Developing Story: Bryce Williamson

All-around improvement has Bowling Green senior playing a 200-foot game.

In Developing Story, a regular feature on collegehockeyinc.com, we highlight current college hockey players who have developed their skills during their careers – either on the ice or off – and in turn made a bigger impact on their team’s success.

Virtually every college freshman sees his point total decline from his last year of junior or high school hockey as he adjusts to the bigger, stronger and faster competition.

NCAA Player Development | Bryce Williamson Player Page

Not many, however, see that drop hit the triple digits. So it was for Bowling Green’s Bryce Williamson (Seba Beach, Alta./St. Albert-AJHL), whose remarkable, 107-point final season in the AJHL was followed by a 7-point rookie NCAA season.

Thanks to hard work, rapid development and maturity, Williamson has increased that point total all four years at Bowling Green. Now he’s an offensive catalyst and the team’s second-leading scorer, putting them in contention for home-ice in the WCHA playoffs entering the season’s final two weekends.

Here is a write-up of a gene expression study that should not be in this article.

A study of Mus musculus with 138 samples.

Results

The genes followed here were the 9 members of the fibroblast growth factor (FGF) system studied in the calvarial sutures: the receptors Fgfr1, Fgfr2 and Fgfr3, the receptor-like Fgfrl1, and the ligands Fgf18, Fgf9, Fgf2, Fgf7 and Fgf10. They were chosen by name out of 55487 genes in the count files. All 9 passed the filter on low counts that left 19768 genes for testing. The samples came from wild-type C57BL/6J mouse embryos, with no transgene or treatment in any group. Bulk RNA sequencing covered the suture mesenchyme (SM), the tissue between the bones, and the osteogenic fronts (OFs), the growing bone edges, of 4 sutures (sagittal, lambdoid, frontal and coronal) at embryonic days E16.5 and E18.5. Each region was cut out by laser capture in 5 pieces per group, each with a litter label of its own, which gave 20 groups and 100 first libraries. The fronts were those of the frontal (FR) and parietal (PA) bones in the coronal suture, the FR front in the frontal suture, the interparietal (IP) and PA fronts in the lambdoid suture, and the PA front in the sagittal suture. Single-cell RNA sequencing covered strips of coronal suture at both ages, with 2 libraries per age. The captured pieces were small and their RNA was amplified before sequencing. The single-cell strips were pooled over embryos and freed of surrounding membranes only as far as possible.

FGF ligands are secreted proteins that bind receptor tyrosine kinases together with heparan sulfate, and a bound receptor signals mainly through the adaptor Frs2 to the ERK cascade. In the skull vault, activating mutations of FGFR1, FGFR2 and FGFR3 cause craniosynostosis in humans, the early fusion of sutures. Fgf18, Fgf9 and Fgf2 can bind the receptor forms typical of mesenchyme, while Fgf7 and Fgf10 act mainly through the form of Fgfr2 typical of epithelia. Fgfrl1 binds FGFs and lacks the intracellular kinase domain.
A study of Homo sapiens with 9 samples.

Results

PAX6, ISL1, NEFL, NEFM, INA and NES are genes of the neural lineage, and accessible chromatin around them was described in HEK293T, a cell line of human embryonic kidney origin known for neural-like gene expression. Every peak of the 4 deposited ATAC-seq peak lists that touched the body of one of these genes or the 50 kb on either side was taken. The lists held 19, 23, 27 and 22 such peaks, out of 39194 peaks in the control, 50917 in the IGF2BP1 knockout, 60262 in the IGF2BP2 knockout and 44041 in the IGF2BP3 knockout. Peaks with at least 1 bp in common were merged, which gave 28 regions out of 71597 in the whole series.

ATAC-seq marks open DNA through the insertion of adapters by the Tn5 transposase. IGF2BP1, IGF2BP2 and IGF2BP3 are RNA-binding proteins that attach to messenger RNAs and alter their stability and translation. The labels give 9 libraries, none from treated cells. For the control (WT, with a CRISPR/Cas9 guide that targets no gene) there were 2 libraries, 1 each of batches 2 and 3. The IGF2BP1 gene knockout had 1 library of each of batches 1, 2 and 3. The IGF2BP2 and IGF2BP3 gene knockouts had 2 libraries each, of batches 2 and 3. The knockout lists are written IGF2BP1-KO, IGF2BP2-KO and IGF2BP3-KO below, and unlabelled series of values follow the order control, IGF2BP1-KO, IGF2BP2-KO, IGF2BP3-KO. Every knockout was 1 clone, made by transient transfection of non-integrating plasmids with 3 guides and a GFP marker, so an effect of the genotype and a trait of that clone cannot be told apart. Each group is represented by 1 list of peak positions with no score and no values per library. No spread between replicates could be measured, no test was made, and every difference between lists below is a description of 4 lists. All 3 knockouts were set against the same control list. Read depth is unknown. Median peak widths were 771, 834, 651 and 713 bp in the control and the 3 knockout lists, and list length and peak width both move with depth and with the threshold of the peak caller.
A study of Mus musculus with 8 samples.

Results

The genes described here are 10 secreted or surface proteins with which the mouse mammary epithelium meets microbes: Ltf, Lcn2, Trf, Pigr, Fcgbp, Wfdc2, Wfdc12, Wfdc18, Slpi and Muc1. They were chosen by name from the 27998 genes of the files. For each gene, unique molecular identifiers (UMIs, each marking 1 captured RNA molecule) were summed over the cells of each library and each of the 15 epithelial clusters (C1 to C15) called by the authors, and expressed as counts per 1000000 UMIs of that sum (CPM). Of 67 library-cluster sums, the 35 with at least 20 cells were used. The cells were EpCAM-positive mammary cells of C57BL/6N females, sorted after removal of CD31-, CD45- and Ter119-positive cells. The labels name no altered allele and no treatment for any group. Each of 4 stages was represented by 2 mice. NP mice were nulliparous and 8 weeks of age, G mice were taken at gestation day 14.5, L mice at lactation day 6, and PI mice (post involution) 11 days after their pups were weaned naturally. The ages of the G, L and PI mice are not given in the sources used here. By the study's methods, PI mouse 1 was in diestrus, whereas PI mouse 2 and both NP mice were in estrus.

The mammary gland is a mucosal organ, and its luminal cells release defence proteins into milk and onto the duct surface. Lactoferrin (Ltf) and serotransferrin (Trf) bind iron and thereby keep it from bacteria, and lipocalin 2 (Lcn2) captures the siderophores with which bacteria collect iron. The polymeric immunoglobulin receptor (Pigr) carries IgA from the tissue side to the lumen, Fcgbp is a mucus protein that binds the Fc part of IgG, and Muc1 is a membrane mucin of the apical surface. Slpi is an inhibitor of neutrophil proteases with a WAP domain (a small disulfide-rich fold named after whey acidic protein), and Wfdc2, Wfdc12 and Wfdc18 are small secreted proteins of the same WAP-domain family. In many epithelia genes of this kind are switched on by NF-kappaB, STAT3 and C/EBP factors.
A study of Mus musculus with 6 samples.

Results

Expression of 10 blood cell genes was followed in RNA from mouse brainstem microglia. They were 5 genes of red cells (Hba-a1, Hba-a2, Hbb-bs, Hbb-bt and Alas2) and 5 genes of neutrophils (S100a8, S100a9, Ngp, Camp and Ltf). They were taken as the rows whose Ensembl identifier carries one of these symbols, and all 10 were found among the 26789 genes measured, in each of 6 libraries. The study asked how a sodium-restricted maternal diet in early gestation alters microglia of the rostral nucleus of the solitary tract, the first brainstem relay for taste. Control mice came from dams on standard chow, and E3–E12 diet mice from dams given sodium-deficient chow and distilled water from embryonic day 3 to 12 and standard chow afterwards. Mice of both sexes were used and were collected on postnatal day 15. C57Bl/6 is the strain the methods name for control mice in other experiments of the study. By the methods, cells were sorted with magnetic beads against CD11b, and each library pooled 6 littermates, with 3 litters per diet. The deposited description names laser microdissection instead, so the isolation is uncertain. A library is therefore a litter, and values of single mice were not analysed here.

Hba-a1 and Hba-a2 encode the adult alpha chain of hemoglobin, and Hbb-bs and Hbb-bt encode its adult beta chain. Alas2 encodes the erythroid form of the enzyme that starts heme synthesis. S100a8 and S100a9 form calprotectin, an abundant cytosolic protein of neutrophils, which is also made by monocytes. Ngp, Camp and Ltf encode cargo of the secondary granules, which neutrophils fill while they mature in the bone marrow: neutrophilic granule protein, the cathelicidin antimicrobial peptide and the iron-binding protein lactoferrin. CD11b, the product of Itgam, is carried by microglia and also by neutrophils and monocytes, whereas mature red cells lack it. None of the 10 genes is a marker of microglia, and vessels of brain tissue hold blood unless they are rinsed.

Developing Stories

Notre Dame's Bryan Rust
Dartmouth's Tyler Sikura
UNO's Dominic Zombo
Mercyhurst's Matthew Zay
Quinnipiac's Matthew Peca
UMass Lowell's Scott Wilson
SCSU's Ryan Faragher
UConn's Brant Harris

All-around development

For Williamson, it’s more than one thing that has led to his development.

“I think in all areas of the ice I’ve become a more complete player,” he said. “It really covers all 200 feet. My two-way game has definitely improved, and I’ve become a more responsible player.”

Those bigger, stronger, faster players that Williamson encountered when he arrived on campus were a big part of his progression – and now he’s among that group.

“Playing against good teams and against good players in practice every day really helped,” he said. “Those opportunities to test yourself force you to become a better player.”

BGSU's success

As the season winds down, it’s not just Williamson who is enjoying more success than ever. The Falcons, at .500, have a chance to post the program’s best record since the mid-1990s.

Williamson is the top performer in an eight-man senior class that has already left its mark at BG.

“Our senior class has worked so hard to help turn things around here,” he said. “I think coming into this year, we really focused on not having any regrets – try to be the best team we could be.

“I’m thankful for all the time I’ve had here. I don’t want it to end any time soon.”